Originally published on July 1, 2014. Chef is now available on Amazon Prime’s streaming service.
Overview: A once celebrated chef hits a streak of (amusing) bad fortune that sends his career in an unexpected direction. Aldamissa Entertainment; 2014; Rated R; 114 Minutes.
In Control of His Kitchen: The first act of Chef displays a downward-spiraling Carl Casper, a culinary artist losing touch of his professional, creative, and personal life. As the film’s lead actor, Jon Favreau injects into Carl as much humor and likability as possible while convincingly selling the loose footing that leads the titular chef to fall flat on his face. In contrast, the film’s writer and director, also Jon Favreau, displays the constant assuredness and discipline that his character has lost. Every joke within this movie stops on the perfect punchline target, the musical cues are professionally synced, and the supporting cast is succinctly leashed and unleashed. Carl’s best friend and loyal partner Martin is played by John Leguizamo, his sous chef Tony is played by Bobby Cannavale, and his amicable and concerned ex-wife Inez is played by Sofia Vergara. None of these three actors have a historical résumé that indicates a talent for measured doses. In a lesser film, any of these characters/actors might have been stock, distractingly over-the-top, or even villainous. In Chef, they are the perfect measuring posts of compassion to frame this portraiture of an artist who still has room to grow. Along with new face Emjay Anthony (who plays Carl’s son Percy) and reliable force Scarlett Johannson (the supportive but challenging hostess at Carl’s restaurant), this supporting cast proves to be the perfect foundation for this character study.
An Artist is an Artist: Now that his IMDb credits include Iron Man (writer/director), Swingers (writer), and Cowboys and Aliens (director), it’s hard not to think of Favreau as a seasoned film veteran. By the same token, it’s difficult not to think of Chef on a level of film allegory. Chef illustrates the fine balance necessitated by all art: the balance between the money and the talent, the relationship between the creator and the critic, the funder and the funded, the bratty-ness of genius and the genius of self-discipline, innovation and traditionalism, passion for progress and awareness of the past. As a symbolically-extended study of an artist who has seen ups and downs, unexpected failures and successes, this film is as precise as a film can hope to be.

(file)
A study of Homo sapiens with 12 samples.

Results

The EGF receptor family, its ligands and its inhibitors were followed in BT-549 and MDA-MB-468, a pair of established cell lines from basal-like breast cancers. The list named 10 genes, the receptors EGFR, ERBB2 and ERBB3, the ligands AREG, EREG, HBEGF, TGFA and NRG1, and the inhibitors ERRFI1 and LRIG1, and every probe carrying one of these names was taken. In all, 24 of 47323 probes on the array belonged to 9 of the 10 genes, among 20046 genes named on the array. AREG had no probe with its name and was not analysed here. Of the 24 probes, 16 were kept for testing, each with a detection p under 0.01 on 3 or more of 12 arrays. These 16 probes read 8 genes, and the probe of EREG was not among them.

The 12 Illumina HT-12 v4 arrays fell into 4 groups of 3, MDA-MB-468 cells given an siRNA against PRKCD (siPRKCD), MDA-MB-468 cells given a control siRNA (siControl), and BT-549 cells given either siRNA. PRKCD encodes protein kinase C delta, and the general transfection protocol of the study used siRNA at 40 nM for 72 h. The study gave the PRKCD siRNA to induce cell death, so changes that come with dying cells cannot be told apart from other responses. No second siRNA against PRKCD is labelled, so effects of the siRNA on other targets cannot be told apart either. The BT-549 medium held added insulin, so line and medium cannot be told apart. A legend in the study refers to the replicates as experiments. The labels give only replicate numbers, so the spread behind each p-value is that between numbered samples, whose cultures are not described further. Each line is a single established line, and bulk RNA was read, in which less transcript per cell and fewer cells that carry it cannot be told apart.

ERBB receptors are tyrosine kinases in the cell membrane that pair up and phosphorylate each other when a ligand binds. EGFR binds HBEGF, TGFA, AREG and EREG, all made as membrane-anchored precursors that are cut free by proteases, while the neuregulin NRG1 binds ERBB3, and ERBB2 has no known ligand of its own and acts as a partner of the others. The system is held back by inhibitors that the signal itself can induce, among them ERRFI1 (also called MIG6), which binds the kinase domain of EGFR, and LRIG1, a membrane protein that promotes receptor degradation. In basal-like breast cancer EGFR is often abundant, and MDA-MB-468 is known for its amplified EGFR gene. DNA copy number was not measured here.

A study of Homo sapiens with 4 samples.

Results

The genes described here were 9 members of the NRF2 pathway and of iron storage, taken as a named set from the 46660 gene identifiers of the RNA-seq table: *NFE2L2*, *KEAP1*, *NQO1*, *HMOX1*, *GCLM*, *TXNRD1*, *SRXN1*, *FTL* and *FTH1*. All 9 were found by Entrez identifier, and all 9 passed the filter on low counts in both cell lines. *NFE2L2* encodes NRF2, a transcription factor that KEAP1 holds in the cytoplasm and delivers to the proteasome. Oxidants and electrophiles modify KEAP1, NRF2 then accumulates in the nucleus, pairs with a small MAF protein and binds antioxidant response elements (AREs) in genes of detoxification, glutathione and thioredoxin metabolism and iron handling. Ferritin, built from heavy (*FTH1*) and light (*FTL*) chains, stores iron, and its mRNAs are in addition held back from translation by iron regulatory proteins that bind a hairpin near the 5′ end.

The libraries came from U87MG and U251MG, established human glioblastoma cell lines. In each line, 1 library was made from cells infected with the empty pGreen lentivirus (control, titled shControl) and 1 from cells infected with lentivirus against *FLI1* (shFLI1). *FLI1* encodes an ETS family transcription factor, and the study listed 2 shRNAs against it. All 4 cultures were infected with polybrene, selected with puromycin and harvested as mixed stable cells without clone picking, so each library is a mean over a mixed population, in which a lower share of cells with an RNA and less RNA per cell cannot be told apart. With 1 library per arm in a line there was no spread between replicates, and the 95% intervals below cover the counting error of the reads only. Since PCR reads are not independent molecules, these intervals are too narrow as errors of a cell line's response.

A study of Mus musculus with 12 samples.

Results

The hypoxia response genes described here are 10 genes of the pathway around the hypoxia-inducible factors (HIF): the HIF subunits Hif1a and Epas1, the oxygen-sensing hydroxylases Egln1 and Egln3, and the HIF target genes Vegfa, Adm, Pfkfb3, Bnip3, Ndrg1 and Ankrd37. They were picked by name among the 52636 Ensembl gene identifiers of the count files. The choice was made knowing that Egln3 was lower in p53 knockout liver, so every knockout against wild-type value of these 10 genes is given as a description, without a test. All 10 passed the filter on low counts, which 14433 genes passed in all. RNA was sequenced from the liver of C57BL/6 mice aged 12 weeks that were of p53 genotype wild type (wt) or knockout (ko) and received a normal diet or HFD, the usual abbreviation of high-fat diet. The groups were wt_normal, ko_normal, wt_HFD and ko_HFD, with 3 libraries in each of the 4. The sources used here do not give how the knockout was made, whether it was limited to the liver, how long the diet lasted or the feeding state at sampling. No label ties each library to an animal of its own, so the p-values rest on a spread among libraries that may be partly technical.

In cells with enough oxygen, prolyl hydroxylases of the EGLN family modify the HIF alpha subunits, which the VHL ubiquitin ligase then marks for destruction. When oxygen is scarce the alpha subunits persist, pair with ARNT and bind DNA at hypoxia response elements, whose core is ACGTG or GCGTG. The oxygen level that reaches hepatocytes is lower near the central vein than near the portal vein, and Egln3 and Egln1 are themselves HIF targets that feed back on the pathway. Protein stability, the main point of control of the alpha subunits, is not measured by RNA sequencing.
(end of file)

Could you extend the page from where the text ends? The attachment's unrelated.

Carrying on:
Overall: I imagine that there are countless reviews for this film which display a hurriedness to apply culinary puns. “Delicious!” “Scrumptious!” “The film that audiences were starving for!’ I expect all of these corny, shallow simplifications to decorate the home release trailer and the Blu-ray cover. And why not? I watched this movie the same weekend that Trans4mers: Age of Extinction was released, so the assignment of punny linguistic descriptors seems fair play, given that movie-going audiences have just been force-fed five straight courses of generic molten chocolate lava cake. My only concern is that these narrow-minded, customized descriptors might accidentally eliminate the credit for Chef’s strength as an inspiring personal artistic triumph, an astute and joyous measurement of American culture, and a hilarious snapshot of family devotion.